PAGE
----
Panel Discussion & Screening: Life & Legacy of Mu Xin
18 Feb 2012
3:00PM - 5:00PM
|Where||Queens Museum of Art
New York City Building, Flushing Meadows Corona Park
New York, NY
February 18 2012, 3-5pm
Chinese painter, writer, and intellectual Mu Xin, who recently passed away at 84, is considered by experts to be one of the most original, important yet largely unknown artists of the last century. Among his greatest admirers and supporters is famed Chinese intellectual and painter Chen Danqing, who regards Mu Xin as his teacher and mentor. They met 25 years ago when they were both living in Queens, NY.
OSCAR® and Emmy Nominated filmmakers Francisco Bello and Tim Sternberg traveled to China in December 2010 to interview Mu Xin for their film “MU XIN: NOTES FROM THE UNDERGROUND.” This interview is the last living testament of Mu Xin on camera.
Mu Xin’s life bridged pre-revolutionary China to the present day, and his art remains a vibrant dialogue between East and West, the classical and the contemporary. He was born Sun Pu in 1927, to an aristocratic family in Wuzhen, Zhejiang Province. Like many intellectuals of the late 1940′s he rallied to Mao Zedong’s vision for a new China, and gradually became disenchanted. Working by day as an industrial designer and teacher, he spent his private hours painting, and writing scores of novels, plays and poems – in secret. His works had no explicit political content, so he clandestinely worked with the knowledge that they may never be published or displayed.
In 1971, at the height of the Cultural Revolution, he was falsely accused and placed in a series of imprisonments for almost 2 years, starting in makeshift solitary confinement in the basement of a Shanghai air raid shelter, and later under house arrest where he was under constant surveillance. While imprisoned, he secretly used scraps of paper that were provided for his “self criticism,” and risked his life to write the “Prison Notes.” These 66 pieces are filled front to back with dialogues with great thinkers across Eastern and Western history, such as Flaubert, Confucius and Nietzsche. Further risking his life, Mu Xin then smuggled the “Prison Notes” out of captivity by sewing them into the lining of his work clothes. While under a later house arrest, at night he secretly painted his Landscape Paintings. These 33 miniatures blend both Eastern and Western techniques to recreate ancient Chinese landscapes, works that confront the viewer with their finely wrought views of worlds suspended in time. When Mu Xin was finally released from house arrest, he left for the United States where he lived until 2006. He lived in obscurity, steadily gaining an audience throughout the Chinese Diaspora as his books started to be published in the 1980′s, at first in Taiwan then much later in mainland China.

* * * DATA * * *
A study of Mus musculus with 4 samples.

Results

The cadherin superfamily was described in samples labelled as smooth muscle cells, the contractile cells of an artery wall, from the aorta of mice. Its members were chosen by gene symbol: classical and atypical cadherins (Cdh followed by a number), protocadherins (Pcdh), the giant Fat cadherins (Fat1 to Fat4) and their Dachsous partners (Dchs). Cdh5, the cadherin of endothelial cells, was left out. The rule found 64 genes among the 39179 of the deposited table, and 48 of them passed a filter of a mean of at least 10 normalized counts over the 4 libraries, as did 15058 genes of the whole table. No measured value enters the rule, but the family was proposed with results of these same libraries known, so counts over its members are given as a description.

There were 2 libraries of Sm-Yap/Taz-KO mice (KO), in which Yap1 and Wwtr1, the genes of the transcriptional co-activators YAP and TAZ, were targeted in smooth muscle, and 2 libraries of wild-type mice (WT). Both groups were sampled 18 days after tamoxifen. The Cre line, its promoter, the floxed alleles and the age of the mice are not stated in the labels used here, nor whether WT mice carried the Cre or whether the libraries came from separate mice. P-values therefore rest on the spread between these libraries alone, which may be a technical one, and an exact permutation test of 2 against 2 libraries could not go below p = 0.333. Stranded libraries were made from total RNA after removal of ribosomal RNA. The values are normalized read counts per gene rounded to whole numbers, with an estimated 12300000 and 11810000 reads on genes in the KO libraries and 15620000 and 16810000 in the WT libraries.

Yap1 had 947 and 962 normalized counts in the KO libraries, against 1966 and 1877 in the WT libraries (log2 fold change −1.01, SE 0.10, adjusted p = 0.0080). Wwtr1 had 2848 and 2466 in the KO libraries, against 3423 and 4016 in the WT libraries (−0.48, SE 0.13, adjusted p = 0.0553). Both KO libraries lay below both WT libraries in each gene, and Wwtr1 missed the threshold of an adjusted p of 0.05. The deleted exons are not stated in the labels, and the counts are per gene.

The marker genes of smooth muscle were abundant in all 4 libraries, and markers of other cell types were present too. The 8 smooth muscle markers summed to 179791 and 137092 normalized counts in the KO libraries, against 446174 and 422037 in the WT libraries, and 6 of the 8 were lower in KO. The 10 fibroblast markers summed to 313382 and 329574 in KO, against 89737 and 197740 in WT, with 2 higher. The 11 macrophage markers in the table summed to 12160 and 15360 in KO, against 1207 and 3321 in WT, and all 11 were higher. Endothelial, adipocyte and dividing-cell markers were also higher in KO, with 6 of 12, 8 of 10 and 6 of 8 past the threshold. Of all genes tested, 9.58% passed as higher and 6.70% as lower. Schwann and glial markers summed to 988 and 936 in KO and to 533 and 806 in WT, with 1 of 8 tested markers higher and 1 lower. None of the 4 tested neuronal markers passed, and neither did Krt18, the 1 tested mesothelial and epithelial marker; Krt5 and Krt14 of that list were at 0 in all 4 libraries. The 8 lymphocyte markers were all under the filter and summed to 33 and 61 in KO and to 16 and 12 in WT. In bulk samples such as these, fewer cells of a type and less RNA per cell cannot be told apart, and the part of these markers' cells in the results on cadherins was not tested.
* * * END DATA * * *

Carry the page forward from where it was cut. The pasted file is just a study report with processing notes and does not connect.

In 2002, at the age of 76, Mu Xin was given his first major traveling exhibition “The Art of Mu Xin: Landscape Paintings and Prison Notes,” organized by the Yale University Art Gallery and co-curated by Wu Hung and Alexandra Munroe. The first English language collection of his writings, “An Empty Room”, translated by Toming Junliu and edited byJoanne Wang, was published by the prestigious New Directions imprint in 2011.
In an ironic coda to his exemplary life, Mu Xin returned to his hometown of Wuzhen in 2006 at the invitation of the local authorities. Once hounded almost to death for his artistic integrity, he was given a hero’s welcome, now considered as a “national treasure.” Mu Xin continued writing and painting up until his death in December 2010. His hometown of Wuzhen is in the process of building a museum in his honor, which has named Chen Danqing as its director.
QMA is honored to welcome Chen Danqing and Joanne Wang who will be speak about the importance of Mu Xin’s work. Francisco Bello and Tim Sternberg will show excerpts from their film in progress, including scenes of Mu Xin reading his prose and poems. This distinguished panel will be moderated by Luchia Meihua Lee and introduced by QMA’s Director, Tom Finkelpearl.
For more information please click here.